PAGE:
Smart or casual? The worker's dilemma
What to wear at work is a puzzler for those who want to show their personality and stay stylish, writes ROSEMARY Mac CABE
THEY SAY THAT practice makes perfect – the very act of doing something will improve one’s skill at said something. But when it comes to dressing for work – you know, the place many of us spend most of our time in – it would seem that we are still struggling to find a balance between chic and unique, respectable and boring.
What to wear to work is the single most pressing concern (sartorially speaking) on people’s minds, judging by the reader queries that flood in to this column weekly.
And if you examine the amount of time we spend in our offices – an eight-hour day, working from the age of 19 to 65, will leave us working a little under 11 years in a life – it makes sense. For almost 11 years, we will have to dress every morning according to a dress code that seldom leaves room for our personal style.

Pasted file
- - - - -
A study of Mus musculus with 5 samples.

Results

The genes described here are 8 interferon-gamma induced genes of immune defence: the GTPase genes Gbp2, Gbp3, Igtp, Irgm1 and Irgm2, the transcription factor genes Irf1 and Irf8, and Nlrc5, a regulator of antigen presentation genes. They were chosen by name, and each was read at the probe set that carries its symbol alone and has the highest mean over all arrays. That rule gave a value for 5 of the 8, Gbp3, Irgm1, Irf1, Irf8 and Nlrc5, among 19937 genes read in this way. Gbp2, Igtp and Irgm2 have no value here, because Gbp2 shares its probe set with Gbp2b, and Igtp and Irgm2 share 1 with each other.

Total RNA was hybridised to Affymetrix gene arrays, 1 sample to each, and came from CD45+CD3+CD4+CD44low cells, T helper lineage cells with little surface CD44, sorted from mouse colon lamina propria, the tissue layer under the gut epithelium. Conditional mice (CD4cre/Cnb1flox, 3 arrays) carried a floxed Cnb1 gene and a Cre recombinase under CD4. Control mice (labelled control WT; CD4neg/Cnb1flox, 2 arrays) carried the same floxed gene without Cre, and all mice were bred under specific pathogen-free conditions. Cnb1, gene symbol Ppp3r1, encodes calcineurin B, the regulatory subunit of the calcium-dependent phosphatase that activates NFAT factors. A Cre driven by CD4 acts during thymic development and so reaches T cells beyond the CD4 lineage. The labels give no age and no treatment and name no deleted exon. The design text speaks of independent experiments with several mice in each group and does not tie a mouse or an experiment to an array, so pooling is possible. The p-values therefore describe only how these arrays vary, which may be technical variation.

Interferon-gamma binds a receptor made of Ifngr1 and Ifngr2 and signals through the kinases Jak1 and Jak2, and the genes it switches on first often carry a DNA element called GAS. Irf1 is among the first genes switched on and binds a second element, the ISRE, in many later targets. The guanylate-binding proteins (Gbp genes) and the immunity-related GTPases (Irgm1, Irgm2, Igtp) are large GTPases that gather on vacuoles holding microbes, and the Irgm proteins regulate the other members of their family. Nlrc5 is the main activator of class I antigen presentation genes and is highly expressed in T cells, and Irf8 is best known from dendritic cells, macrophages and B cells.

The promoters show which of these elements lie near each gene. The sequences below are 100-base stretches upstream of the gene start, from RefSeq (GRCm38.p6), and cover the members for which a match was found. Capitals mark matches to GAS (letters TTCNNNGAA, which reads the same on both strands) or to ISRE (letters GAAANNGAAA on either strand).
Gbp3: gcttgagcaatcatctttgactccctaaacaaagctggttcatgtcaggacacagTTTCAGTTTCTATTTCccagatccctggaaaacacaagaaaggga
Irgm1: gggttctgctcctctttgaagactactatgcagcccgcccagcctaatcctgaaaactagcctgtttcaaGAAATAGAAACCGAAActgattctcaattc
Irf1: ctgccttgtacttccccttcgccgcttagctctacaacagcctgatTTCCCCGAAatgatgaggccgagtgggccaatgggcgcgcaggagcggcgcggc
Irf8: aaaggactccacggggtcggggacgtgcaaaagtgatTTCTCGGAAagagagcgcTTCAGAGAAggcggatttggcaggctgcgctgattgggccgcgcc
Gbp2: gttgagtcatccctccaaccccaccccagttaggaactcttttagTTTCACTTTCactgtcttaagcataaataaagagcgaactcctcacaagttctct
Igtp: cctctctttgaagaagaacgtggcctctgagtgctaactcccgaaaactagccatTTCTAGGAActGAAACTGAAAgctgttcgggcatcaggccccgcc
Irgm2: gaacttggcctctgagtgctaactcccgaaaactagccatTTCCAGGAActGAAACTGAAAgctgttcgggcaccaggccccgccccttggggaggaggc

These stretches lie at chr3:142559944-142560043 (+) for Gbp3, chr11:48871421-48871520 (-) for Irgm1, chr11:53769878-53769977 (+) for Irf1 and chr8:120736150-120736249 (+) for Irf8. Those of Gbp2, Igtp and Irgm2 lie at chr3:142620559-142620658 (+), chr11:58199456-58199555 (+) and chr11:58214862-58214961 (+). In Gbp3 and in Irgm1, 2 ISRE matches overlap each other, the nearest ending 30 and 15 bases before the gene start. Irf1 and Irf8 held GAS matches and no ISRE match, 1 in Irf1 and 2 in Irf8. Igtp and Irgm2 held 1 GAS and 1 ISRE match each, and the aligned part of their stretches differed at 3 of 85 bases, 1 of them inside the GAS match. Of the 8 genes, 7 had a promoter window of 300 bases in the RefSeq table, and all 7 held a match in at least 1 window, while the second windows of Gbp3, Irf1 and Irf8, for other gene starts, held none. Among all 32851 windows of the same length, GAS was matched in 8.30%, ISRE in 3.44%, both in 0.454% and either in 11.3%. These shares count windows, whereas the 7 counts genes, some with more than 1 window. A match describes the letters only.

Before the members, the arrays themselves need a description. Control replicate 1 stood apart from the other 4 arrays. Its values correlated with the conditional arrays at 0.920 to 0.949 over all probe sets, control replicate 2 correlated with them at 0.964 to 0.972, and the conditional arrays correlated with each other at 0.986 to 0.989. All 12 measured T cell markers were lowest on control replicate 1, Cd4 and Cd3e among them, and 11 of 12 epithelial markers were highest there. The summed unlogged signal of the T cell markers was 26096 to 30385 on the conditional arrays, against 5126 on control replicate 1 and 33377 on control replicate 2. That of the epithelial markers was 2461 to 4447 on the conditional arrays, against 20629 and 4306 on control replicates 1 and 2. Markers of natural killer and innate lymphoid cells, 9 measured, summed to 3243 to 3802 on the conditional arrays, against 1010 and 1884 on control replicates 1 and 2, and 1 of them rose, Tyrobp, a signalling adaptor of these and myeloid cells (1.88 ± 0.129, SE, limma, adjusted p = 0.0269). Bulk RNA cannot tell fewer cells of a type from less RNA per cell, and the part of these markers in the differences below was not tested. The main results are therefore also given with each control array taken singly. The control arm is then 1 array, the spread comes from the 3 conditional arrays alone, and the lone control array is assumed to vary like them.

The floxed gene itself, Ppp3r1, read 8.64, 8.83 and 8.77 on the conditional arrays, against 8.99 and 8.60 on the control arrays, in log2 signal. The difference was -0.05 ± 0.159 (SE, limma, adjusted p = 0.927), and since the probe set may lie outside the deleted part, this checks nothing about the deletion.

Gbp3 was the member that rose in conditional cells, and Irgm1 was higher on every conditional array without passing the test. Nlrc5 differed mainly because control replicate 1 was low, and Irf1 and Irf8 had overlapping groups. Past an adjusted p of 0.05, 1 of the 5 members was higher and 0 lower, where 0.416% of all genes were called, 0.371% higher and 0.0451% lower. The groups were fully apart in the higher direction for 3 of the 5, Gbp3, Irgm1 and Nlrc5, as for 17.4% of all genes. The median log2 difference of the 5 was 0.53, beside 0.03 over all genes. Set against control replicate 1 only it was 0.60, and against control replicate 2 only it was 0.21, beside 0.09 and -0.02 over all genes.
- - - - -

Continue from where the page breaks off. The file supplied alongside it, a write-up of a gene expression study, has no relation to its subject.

Not that there is a definitive working style guide; type “what to wear to work” into a search engine and you’re faced with more than 250,000,000 results, recommending skirt suits and fitted blazers and work-appropriate perfumes.
That’s because a set formula just doesn’t exist, says Lorraine Fretwell, head of recruitment at Dublin-based recruitment firm, Prosperity.
“People don’t do enough research on the company and their brands,” she says. “It’s about knowing where you’re going and dressing appropriately for that. We once sent someone away to get a new set of clothes before they went for an interview because we knew they wouldn’t be taken seriously – they were too corporate, they needed to go and get some trendier clothes. And it worked – she got the job.”
Fretwell says that dressing well for work needn’t mean spending the earth. “You can look good no matter where you bought your outfit,” she says. “You’re representing how you work – so you should be tidy, neat . . . and scruffy hair, absolutely, is a no-no.”
Ingrid Hoey is a personal stylist ( butterflystyle.ie) who deals a lot with people who, as she says, “work almost old-school jobs – banking, solicitors – where I think they feel that women have to dress hugely conservatively: think early 1990s”.
Pant suits and men’s shirts paired with stilettoes are the norm, and many of Hoey’s clients feel stuck and unable to experiment with their working wardrobe in a way they might like to. But Hoey says the high street is a great option for those wanting to make slight moves away from a conservative look.